French presidential election: How the polls finally got it right in calling the tight race for Macron and Le Pen

Ashley Kirk
Pollsters were right in calling Macron as the winner to face Le Pen in the second round - REUTERS

Pollsters have taken a beating in recent elections after failing to see voters turning to the anti-establishment movements of Brexit and Donald Trump

But the French presidential election has seen them partially vindicated after they correctly predicted that Emmanuel Macron would win the first round of the French presidential election

Not only have they predicted the winner, but they also correctly said that he would face Le Pen in the second round - both within 0.6 points of the actual results.

How the polls compared to the actual vote share

TheTelegraph's poll tracker followed the race as it progressed, taking an average of the last eight national polls for the first round of the presidency.

Its final count had centrist Macron on 24 per cent and far-right leader Le Pen on 22.1 per cent. The other two significant candidates, Fillon and Mélenchon, had 19.6 and 18.9 per cent respectively.

This was almost exactly how the French election voted - with it estimating the four candidates' vote shares by less than 0.9 points in all cases.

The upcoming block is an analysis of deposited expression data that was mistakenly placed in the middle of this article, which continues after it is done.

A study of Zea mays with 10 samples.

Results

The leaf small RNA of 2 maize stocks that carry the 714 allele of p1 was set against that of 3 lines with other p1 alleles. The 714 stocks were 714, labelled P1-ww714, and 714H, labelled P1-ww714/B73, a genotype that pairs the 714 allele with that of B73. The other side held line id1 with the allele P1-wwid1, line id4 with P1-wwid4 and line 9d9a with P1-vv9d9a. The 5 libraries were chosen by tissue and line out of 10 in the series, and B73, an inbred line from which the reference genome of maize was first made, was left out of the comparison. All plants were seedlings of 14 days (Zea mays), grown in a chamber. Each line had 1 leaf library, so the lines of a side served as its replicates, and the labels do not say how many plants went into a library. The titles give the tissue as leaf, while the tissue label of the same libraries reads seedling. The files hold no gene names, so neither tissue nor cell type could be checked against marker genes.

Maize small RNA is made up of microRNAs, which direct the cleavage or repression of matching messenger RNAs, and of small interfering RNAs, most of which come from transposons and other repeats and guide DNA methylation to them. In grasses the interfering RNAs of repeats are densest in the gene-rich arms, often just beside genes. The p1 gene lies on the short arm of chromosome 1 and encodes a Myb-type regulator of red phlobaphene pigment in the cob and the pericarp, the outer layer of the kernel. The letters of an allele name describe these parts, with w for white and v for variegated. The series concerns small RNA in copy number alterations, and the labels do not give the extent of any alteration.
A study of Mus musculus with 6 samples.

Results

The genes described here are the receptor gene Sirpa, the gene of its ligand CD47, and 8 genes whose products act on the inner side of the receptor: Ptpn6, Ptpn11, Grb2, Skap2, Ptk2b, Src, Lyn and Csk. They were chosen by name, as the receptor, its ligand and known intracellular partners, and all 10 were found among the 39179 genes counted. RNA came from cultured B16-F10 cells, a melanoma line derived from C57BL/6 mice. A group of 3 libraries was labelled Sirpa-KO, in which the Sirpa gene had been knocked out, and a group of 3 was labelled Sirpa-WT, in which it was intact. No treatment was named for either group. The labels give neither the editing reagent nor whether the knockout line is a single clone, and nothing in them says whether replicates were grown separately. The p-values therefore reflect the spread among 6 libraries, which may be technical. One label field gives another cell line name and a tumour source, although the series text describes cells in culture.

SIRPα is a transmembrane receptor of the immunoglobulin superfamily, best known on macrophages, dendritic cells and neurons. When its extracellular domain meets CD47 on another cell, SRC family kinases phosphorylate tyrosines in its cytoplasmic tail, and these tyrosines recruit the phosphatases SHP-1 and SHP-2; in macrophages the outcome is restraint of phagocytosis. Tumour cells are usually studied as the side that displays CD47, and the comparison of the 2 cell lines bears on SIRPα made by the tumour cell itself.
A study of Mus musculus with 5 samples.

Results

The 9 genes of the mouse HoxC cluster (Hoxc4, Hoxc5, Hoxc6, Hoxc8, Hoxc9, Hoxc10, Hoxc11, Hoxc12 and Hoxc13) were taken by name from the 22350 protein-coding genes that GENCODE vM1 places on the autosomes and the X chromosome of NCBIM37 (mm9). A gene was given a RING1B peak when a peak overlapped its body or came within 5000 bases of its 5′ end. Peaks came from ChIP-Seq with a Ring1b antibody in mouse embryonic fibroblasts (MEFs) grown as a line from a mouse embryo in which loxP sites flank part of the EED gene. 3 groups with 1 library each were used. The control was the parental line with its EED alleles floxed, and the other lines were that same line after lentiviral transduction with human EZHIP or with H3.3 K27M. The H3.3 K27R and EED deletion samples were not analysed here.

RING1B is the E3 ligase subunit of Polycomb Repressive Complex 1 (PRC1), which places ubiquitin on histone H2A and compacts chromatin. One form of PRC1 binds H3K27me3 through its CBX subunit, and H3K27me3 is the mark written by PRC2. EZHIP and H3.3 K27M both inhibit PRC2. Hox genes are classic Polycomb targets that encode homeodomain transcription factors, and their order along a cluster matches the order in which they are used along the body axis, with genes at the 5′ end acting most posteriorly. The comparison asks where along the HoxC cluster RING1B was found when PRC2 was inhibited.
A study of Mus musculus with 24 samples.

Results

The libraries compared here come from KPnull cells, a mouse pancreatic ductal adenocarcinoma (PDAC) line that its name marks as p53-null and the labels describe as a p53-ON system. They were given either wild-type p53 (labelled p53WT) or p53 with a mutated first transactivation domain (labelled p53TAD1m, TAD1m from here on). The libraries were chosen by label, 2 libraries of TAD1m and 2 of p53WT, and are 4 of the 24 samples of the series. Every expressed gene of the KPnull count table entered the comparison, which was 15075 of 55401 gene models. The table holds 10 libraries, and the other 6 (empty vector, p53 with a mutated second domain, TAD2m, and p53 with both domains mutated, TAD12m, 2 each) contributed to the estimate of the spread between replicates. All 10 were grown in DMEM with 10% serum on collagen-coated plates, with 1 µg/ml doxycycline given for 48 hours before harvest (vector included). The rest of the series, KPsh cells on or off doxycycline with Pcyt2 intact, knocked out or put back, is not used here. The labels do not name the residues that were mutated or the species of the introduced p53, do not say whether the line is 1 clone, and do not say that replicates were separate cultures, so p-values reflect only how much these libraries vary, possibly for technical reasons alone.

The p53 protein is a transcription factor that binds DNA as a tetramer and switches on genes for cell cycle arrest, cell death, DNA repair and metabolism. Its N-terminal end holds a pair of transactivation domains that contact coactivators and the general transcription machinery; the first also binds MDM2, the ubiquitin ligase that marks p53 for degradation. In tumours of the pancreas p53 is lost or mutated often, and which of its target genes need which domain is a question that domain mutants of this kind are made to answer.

Some 23.8 per cent of French voters backed Macron, the former protégé of François Hollande - compared to 21.5 per cent for far-right leader Marine Le Pen.

This was only 0.2 and 0.6 percentage points off the two candidates' scores, respectively.

French presidential election polling

Not only that, but the pollsters also managed to predict the order of the next three candidates in the first round of voting - Fillon, Mélenchon and Hamon - which is impressive considering how close the race was.

The Telegraph's last polling average - which looks at the last eight national polls - was off by 0.3 point for Fillon and 0.7 points for Mélenchon.

Overall, the last average slightly overestimated Macron, Le Pen and Hamon, at the expense of Fillon and Mélenchon. But with none of these estimations out by more than one point, they are well within the margin of error. 

Such a performance by the French pollsters will have done their bit in partially restoring the public's faith in polling. 

Macron is now the bookies' favourite to become president, with the polls showing him considerably ahead of Le Pen in the second round. 

French election 2017 results map

How our poll tracker worked

Our poll tracker takes in national polls from OpinionWay, Ifop-Fiducial, Elabe, Harris and BVA Interactive.

Their individual polls, while of different sample sizes, took in a representative sample. Their individual margin of errors vary from +/-0.8 per cent to +/-3.3 per cent.